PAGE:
When we eat food, the body breaks food down into glucose, which it releases into the bloodstream. Glucose is a source of energy that the body either takes into cells or stores for later use. Insulin is a hormone that guides glucose for use in cells or storage in the muscle or liver tissues. The pancreas normally releases enough insulin depending on how much glucose is in the bloodstream.
With changing diet patterns, the body is loaded with more than required amounts of complex sugar molecules that are hard to break down. As a result, insulin is unable to properly regulate glucose in people, and unless a person works those sugars off, the chances of getting diabetic go higher. Untreated high blood sugar from diabetes can damage your nerves, eyes, kidneys, and other organs. But educating yourself about diabetes and taking steps to prevent or manage it can help you protect your health.
The reason insulin is unable to regulate glucose properly depends on the type of diabetes. The most common types are:
Prediabetes, or borderline diabetes, occurs before type 2 diabetes develops. By this stage, blood sugar, blood pressure, and insulin resistance may start reaching harmful levels.
Type 1 diabetes: In this case the body cannot produce enough insulin because the immune system mistakenly attacks insulin-producing cells in the pancreas.
Type 2 diabetes: In this case the body fails to use insulin effectively enough to regulate blood sugar levels. For example, some tissues become insulin resistant and require more insulin. Type 2 diabetes stems from a combination of genetics and lifestyle factors. This condition runs in families. Family members share genes that make them more likely to get type 2 diabetes and to be overweight.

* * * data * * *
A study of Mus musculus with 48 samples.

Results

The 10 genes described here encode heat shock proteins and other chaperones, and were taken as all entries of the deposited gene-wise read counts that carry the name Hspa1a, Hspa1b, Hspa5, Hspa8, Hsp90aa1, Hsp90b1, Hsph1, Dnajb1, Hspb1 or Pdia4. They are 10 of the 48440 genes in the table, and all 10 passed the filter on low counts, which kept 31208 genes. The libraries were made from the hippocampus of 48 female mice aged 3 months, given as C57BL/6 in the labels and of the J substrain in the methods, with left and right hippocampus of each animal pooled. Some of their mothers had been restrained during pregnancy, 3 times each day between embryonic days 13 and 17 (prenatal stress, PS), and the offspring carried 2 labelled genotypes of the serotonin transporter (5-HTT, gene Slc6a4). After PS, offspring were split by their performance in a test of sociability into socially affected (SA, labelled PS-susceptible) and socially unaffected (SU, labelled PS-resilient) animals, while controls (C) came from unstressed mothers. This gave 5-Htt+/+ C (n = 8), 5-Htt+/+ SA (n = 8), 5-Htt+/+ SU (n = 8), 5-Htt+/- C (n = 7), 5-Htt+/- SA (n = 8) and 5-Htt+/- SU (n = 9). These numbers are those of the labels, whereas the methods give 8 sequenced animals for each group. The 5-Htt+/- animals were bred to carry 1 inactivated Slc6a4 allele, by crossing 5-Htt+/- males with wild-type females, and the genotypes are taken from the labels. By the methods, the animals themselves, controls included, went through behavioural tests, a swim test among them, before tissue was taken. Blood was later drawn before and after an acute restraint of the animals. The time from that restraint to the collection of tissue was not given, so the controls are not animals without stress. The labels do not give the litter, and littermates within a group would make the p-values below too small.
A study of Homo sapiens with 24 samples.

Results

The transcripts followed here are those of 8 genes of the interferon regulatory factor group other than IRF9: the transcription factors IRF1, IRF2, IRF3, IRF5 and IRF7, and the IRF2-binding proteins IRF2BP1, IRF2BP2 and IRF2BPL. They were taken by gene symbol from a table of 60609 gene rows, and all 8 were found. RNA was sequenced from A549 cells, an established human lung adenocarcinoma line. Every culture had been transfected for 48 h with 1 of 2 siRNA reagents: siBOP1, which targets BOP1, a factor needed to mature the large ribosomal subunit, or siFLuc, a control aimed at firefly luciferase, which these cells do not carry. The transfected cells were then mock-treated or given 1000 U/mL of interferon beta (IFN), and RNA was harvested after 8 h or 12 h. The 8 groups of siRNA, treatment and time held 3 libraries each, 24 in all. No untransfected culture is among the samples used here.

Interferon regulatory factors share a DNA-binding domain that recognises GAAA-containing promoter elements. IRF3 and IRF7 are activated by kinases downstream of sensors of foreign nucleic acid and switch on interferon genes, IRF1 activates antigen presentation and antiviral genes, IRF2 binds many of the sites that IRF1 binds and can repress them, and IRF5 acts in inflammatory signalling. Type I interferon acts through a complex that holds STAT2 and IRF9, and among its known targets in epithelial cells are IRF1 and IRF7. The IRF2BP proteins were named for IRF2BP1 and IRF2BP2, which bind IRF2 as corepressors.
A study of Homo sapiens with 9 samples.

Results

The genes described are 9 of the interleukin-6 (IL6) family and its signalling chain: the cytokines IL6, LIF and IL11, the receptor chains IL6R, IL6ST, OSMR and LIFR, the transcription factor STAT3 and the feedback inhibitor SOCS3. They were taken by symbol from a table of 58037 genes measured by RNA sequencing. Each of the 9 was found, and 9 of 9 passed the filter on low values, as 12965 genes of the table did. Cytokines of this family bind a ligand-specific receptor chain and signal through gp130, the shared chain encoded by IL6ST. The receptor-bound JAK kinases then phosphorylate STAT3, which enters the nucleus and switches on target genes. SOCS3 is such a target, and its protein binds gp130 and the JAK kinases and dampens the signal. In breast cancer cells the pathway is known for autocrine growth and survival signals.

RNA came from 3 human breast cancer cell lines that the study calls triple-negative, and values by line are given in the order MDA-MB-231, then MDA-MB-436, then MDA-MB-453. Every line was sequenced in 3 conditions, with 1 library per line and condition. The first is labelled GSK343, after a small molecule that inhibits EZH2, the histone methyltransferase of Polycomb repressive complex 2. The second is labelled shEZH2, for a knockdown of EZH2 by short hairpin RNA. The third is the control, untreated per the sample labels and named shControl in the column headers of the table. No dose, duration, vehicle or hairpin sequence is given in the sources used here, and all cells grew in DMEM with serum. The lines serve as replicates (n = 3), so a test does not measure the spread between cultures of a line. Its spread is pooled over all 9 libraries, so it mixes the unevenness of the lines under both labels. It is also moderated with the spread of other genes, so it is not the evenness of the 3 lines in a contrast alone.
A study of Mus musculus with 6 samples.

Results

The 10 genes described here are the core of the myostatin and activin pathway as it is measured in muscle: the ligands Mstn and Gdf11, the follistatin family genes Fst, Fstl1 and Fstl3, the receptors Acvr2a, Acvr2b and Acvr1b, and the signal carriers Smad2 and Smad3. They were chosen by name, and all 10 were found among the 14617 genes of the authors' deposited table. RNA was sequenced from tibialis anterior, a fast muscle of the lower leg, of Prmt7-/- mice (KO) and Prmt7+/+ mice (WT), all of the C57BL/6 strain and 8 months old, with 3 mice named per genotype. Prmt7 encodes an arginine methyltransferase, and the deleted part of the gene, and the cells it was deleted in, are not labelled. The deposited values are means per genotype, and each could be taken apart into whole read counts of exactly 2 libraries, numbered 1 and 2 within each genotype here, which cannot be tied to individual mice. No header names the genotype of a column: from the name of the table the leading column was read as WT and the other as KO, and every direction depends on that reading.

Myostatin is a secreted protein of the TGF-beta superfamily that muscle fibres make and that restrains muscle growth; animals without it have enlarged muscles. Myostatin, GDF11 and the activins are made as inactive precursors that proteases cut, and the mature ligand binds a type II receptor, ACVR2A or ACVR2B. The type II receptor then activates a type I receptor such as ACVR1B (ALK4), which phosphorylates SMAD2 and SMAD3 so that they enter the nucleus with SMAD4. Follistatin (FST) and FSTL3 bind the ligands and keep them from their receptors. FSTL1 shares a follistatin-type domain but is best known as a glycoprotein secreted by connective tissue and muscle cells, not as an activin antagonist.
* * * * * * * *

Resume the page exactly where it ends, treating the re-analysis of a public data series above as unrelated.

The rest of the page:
Diet and exercise can help some people manage type 2 diabetes. If lifestyle changes aren’t enough to lower your blood sugar, you’ll need to take medication. Healthy eating is a central part of managing diabetes. In some cases, changing your diet may be enough to manage the disease. There are lots of chemical agents available to control and to treat diabetic patients, but total recovery from diabetes has not been reported up to this date. More so, medications behave differently in different people. Unlike medication, alternative therapies such as dietary supplements, acupuncture, colour therapy, hydrotherapy, and yoga therapies are less likely to have the side effects of conventional approaches for diabetes.
Colours are not present in nature just to please. There is a complex and in-depth relationship we have with colour. This psychodynamic relationship profoundly influences our thoughts, actions and ultimately our health and well-being. This relationship has evolved from our earliest ancestors, and ever since colour has defined our perception of ourselves, others and the world around us through the course of our individual and collective evolution. Let us explore what it means to experience positive health and well-being through colour.
How colours work
For those suffering with type 2 diabetes and need intake of insulin: Take eight pieces of yellow coloured ribbon, wrap each piece around the middle joint and lowest joint of middle finger and ring finger of the left hand and right hand. Keep these wrapped ribbon pieces attached to fingers with pieces of adhesive tape. Repeat the treatment everyday till the diabetes vanishes.
In case of treatment for Type 2 diabetes where no insulin is being administered, wrap the yellow ribbons around the lowest joint on the middle and ring fingers of both the hands.